Daoud: We got rid of bribes.

BEIRUT: A few years ago, obtaining official documents meant you had to drive several kilometers to a public office – a trip repeated multiple times due to incomplete paperwork or absent public servants – and maybe shell out a bribe to speed up the process.

Nowadays, all you have to do is visit your local LibanPost branch to cary out this process in one shot, the company’s chairman says.

“It’s a bet that we took upon ourselves 10 years ago to move into massive diversification, from a traditional postal operator into a much-evolved provider that does a lot more than post for citizens,” Khalil Daoud said in an interview Monday from the company’s headquarters, near the Beirut airport.

In 1998, it grew apparent that Lebanon needed a reliable postal service, prompting the government to contract the task, which had been disrupted by years of war, to LibanPost, a privately held company.

It is one of the very few build-operate-transfer privatization initiatives that saw the light of day in Lebanon.

But by 2002 it became clear the Canadian firm, which initially won the contract, had employed the wrong strategy by trying to build a “pure postal operation,” Daoud says.

“It was a very small market for post and Lebanon was just out of a civil war, when you barely had any postal services for two decades.”

“The market for traditional post had also been on the decline internationally,” he adds.

When the current management took charge that year, the motto was to change the business’s liabilities into assets, Daoud says.

“We wanted to change what was considered a liability in any cost environment, namely the high number of employees and retail outlets, into an asset and a platform for growth while keeping costs at bay.”

Realizing the business opportunity in minimizing the hassle of getting official documents, the first step LibanPost took was to go into lengthy negotiations with public departments in order to implement the changes that were needed to allow for the services.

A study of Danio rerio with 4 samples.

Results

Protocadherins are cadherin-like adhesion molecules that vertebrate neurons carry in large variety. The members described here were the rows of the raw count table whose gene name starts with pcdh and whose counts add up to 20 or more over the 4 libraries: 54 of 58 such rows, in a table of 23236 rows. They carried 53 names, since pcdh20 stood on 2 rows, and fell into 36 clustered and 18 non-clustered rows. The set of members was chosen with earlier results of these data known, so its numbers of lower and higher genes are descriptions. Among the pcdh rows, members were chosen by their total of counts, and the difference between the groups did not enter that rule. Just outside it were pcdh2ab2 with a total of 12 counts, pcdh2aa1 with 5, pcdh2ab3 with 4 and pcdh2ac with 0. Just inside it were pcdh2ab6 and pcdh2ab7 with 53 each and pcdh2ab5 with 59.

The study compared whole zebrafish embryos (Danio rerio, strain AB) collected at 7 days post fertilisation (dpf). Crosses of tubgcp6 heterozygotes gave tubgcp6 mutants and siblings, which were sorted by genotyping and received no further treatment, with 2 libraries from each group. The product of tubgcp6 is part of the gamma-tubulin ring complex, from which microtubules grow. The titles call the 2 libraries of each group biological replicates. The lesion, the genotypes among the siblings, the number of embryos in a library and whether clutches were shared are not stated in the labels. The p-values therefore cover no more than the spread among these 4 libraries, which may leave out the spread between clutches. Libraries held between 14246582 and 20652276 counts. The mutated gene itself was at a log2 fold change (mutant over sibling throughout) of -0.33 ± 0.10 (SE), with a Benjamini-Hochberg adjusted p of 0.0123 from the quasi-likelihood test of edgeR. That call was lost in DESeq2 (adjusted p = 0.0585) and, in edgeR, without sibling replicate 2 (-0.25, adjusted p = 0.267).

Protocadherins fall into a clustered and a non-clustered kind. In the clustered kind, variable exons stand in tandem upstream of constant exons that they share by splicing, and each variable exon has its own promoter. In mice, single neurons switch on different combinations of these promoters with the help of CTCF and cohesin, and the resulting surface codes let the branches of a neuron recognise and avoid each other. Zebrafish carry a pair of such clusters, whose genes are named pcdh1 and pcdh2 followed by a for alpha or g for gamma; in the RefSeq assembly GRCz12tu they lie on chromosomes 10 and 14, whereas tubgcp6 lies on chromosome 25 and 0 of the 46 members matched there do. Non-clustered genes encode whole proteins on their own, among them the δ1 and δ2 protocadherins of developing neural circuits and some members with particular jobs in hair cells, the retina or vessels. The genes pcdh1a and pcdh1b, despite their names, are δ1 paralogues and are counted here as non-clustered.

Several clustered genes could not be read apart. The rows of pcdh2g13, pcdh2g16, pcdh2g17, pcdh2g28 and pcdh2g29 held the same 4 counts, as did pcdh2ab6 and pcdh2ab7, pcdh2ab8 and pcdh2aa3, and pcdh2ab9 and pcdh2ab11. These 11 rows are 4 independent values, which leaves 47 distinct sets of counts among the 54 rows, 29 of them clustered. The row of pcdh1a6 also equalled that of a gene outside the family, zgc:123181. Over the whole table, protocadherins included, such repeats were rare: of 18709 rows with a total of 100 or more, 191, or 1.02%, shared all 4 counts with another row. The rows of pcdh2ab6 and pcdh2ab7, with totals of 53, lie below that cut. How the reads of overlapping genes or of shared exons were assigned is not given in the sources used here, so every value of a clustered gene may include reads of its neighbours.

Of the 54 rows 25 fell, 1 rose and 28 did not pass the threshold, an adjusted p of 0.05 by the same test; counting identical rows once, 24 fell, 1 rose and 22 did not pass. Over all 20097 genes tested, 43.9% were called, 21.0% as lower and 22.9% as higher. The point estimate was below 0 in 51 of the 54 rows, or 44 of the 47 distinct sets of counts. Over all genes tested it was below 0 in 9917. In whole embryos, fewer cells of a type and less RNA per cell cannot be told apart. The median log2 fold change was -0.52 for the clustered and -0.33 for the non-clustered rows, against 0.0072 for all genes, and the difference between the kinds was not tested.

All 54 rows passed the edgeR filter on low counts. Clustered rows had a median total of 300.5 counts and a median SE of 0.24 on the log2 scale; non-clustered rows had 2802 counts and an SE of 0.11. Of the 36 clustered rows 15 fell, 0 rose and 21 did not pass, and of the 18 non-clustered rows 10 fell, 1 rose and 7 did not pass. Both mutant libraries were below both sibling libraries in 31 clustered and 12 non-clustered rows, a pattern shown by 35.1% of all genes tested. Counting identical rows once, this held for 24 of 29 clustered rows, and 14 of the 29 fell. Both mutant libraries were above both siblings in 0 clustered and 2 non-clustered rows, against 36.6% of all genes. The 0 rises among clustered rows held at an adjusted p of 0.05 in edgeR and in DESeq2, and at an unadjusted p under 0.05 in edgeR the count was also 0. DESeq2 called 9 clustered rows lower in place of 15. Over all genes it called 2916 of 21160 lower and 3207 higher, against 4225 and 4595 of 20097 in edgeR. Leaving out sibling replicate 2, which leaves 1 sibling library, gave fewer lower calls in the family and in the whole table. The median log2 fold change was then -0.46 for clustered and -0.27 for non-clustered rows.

Doing so not only made things easier for citizens, Daoud says, but helped kickstart a subtle but serious administrative reform that managed to eliminate many of the bureaucratic delays in public offices.

“By separating the customer from the public servant, and introducing LibanPost in the middle, we eliminated any possibility for misconduct, bribery, delays, etc.,” Daoud says.

In many public offices, for example, multiple signatures of employees in different offices were needed, for no apparent reason.

“But no one had challenged these practices for decades, until we were there asking the right questions and noticing these barriers, from an outsider’s point of view,” he says.

Through the successful program, LibanPost offers a comprehensive services portfolio for 15 public institutions, having handled 9 million formal transactions to date.

LibanPost’s diversification was by no means restricted to public sector services.

Private sector services offered by the firm include delivering goods to clients, collection of payments, online commerce, money transfers – over 100 services in total.

By 2012, slightly over half of revenues were coming from non-postal services, Daoud adds.

LibanPost’s next step, Daoud says, is to tap Lebanon’s unbanked population through accessible financial services.

Facts about LibanPost

- Handles 2,000 tons of mail per year.

- Delivers to nearly 2 million addresses per year.

- Employs 450 couriers and more than 1,000 staff in total.

- 3.5 million kilometers are covered annually by couriers.

- 250,000 customers per month.

- Will reach 100 post offices by end of 2013.

- Achieved ISO 9001 certification for quality management systems in 2012.

 
A version of this article appeared in the print edition of The Daily Star on January 22, 2013, on page 5.